Dear twenty-somethings,

I wanted to change up this month’s article and do it from a male perspective. So I asked a man friend of mine what he would like to read about in a column such as this and he said, “Cars, food and boobs. In that order.” Obviously, he was useless and that idea went out the window. This past month, I have been really busy moving and trying to figure out what exactly I am doing with my life. I know this is a column where I am supposed to be spilling the dirty deets on my love life but that really hasn’t been my focus this past month. So I hope you will all bear with me while I talk about a pretty prominent twenty-something struggle that we all experience: Life. 

It is really unfortunate to think that you are doing so well; feeling like life is beautiful just to have you wake up one morning and fall apart. You no longer care. You are just very numb. I am a huge advocate for positive mental health and addiction awareness. I believe in its importance since I have been subjected to both illnesses. It has been a long and exhausting struggle to try and get back to the better version of myself. As I am not quite there yet, I am going through this big and very purposeful transition in my life for the next six months.

I took a big step back so I could take a big jump forward by moving back in with my parents temporarily. I am one of the most fiscally irresponsible people I know – I spend my money on cabs, alcohol, and crop tops with little regard for the future. I seem to be caught in a vicious circle revolving around drinking and being unhappy with who and where I am at. I recognize that in your twenties you are suppose to let loose and be uninhibited, but this twenty-something tradition has not added any benefit to my life. In fact, in some ways it has ruined aspects of my being. So I am cutting out drinking. This terrifies me, a lot. No more Palm Breezies?! Extremely unsettling. Alas, there are definite advantages to cutting out binging on bevies as it saves money, lose weight, and gains back some dignity.

The next item on the list of transitions is to lose weight. Bikini season is close at hand and it is unnerving because my body is just not ready. At my parent’s house they have a gym so I will be working out three to four times a week and eating as healthy as a recovering KFC addict can. Whoever said it is easy to lose weight in your twenties can have my metabolism and rethink that statement.

I realize that this decade is all about ‘doing you’; being selfish and not apologizing for putting yourself first. I feel like I have done this to a fault. I need to stop focusing on myself, my problems, and throwing thoughts of a decent reputation out the window. I have not cared for far too long what people thought of me, including friends and family, all in the spirit of just ‘doing me.’ I want to join a charity, travel across the world, and volunteer/raise awareness for issues in third world countries and in my homeland. I need to stop being so narcissistic and self-involved for a while and realize that the world is actually much bigger than me. CRAZY THOUGHT, RIGHT?

Being an exciting, intellectually inclined and cultured individual has really been a nagging, pesky thought in the back of my mind for the past year. I want to be taken seriously and respected, seen as worldly and energetic. I’m pretty sure if you looked me up under a dictionary right now my definition would be “Incredibly unworldly and boring. Has a love affair with Netflix and white cheddar popcorn. Can’t commit. Also seen as mildly damaged goods.” I need to travel, go to art galleries, read more books, paint, write, do kind things and be spontaneous. I just want to be wonderful and full of life, if that makes sense. I don’t want to be damaged anymore.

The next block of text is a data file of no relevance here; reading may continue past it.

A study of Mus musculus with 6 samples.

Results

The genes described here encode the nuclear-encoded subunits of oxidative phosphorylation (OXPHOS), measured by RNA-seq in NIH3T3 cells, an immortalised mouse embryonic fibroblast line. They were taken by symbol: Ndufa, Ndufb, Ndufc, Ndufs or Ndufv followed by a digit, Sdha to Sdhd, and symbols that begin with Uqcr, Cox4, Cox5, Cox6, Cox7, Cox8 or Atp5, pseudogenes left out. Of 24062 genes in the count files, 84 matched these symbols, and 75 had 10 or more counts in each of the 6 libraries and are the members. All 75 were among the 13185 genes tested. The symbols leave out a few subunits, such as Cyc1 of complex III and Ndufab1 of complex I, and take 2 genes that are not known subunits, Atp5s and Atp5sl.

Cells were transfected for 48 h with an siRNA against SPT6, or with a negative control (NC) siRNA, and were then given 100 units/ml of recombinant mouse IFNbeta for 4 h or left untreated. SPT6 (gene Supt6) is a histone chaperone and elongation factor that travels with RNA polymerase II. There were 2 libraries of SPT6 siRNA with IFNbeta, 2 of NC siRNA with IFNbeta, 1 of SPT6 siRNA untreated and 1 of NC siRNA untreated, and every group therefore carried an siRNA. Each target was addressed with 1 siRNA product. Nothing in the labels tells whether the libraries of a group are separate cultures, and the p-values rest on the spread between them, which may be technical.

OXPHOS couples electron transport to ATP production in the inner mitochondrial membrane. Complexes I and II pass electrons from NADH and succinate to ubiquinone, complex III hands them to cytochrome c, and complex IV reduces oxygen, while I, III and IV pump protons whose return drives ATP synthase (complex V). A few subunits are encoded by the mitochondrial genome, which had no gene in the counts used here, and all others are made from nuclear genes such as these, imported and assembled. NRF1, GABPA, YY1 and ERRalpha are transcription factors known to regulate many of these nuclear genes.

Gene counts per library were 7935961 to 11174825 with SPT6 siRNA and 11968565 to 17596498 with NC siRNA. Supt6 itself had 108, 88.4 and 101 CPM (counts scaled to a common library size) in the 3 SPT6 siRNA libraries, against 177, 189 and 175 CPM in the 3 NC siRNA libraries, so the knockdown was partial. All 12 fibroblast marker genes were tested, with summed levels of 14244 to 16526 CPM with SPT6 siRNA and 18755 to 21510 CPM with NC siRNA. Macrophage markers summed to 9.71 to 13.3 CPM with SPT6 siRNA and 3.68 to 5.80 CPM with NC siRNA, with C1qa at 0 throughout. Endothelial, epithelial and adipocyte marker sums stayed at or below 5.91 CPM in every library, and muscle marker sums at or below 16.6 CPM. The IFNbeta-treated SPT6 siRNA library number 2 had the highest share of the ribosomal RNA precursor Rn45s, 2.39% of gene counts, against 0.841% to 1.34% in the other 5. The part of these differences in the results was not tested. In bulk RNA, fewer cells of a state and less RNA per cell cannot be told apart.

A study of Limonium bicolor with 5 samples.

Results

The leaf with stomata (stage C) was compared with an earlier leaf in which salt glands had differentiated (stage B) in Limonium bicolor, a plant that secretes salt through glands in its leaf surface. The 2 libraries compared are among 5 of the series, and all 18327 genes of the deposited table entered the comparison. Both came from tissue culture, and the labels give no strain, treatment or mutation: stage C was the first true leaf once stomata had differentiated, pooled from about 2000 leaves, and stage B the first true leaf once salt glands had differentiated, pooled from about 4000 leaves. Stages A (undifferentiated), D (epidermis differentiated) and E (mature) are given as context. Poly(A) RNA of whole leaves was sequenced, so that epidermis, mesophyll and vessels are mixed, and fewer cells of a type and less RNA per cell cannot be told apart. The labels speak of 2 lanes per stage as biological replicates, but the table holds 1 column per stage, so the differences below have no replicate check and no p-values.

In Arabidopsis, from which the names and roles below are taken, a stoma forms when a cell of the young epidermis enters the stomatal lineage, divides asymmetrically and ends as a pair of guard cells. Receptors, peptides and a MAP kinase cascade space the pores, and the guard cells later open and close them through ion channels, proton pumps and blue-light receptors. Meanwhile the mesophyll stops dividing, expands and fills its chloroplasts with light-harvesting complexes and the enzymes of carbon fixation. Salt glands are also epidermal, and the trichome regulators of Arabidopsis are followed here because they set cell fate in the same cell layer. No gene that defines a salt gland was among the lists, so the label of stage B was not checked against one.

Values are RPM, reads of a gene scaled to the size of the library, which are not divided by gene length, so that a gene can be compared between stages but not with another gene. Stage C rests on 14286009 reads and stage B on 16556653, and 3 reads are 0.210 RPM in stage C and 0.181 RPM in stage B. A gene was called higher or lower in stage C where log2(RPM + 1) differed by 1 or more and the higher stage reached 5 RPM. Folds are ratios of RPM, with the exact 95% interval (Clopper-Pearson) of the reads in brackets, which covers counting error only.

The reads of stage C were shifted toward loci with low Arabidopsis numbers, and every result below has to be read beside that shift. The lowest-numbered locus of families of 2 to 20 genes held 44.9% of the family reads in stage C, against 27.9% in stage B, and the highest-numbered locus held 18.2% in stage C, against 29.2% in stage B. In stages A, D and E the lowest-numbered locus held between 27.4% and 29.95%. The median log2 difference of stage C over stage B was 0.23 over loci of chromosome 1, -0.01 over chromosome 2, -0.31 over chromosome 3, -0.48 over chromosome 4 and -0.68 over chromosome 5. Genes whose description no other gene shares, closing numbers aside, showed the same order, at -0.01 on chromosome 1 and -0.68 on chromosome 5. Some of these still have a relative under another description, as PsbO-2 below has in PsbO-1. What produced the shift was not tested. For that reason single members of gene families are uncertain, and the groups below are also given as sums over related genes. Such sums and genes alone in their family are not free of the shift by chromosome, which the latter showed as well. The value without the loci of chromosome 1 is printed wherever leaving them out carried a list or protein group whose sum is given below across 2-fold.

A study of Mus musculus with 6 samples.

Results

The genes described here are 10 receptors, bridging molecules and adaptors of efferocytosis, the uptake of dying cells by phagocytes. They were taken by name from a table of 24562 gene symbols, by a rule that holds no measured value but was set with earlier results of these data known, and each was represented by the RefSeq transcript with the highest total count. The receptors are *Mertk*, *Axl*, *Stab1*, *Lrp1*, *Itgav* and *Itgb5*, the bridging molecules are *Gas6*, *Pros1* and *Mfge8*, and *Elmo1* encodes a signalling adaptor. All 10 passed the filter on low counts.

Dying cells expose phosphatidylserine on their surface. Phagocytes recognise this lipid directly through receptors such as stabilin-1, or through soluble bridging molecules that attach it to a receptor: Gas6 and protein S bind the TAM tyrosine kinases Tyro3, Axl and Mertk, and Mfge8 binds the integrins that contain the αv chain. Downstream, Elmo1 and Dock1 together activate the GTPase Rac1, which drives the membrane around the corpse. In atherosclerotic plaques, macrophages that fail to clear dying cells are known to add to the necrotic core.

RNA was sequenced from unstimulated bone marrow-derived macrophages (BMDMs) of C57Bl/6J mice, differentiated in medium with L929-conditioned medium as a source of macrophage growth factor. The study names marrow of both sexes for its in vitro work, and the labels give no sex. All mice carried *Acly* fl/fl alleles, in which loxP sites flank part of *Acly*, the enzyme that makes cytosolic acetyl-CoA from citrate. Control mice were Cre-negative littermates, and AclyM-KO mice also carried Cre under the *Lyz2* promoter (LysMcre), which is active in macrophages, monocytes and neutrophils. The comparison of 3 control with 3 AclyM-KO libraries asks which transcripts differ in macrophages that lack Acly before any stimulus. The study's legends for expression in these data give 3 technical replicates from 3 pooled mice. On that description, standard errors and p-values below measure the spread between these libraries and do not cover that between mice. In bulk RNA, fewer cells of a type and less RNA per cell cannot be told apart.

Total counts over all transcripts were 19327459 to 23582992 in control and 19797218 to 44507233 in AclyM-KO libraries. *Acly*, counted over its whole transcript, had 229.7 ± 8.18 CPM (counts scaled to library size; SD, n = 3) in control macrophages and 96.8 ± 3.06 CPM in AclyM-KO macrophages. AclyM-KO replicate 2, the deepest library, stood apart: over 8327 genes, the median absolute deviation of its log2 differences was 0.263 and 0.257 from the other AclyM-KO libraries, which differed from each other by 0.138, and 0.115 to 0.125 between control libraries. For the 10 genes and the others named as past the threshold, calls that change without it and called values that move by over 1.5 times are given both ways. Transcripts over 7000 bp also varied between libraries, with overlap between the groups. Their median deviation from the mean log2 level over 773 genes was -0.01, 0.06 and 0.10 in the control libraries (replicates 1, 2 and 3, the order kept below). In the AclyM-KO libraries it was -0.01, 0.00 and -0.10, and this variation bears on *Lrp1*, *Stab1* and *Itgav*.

One of the big perks of moving back home is that I get to save most of my paychecks! I have been given a six month timeline to save as much as I can to purchase a condo or a car at the end of my stay. Both of these are vital to gaining my independence. As twenty-somethings, we are still fairly reliant on the people around us because we are in that evolutionary stage of standing on our own two feet. I have discovered that relying on the people around me (with the exception of my infinitely forgiving parents) is a surefire way to get hurt and/or let down. Gaining some more objectivity is crucial for me on my never ending road to happiness and stability.

As you can tell, finding a man is not at the top of my list. I am letting that bird go free and if it brings me something back at some point, I will take it in stride. I am putting planning and strategizing how to meet men on a little hiatus this month. Getting settled in back at home and focusing on a routine takes priority over meeting men as I cannot handle that tiresome task right now. But knowing me and my life, I will still have stories for you all regardless. Until then I will keep doing what I do which is a roller coaster of attempts and fails and more attempts. If you actually read this twenty-something-life-crisis to the end I appreciate you sticking it out with me! Hopefully it gave you some insight or ideas or maybe even some comfort. I hope your lives are beautiful and forever inspired to be better!

Until next time,



About the Author


Jane is a twenty-something living and dating in a big city. After her fair share of missed connections and awkward encounters, she's ready for her happy-ever-after. But all is fair in love and war, so she's here to share the good, the bad, and the dirty with you ... anonymously.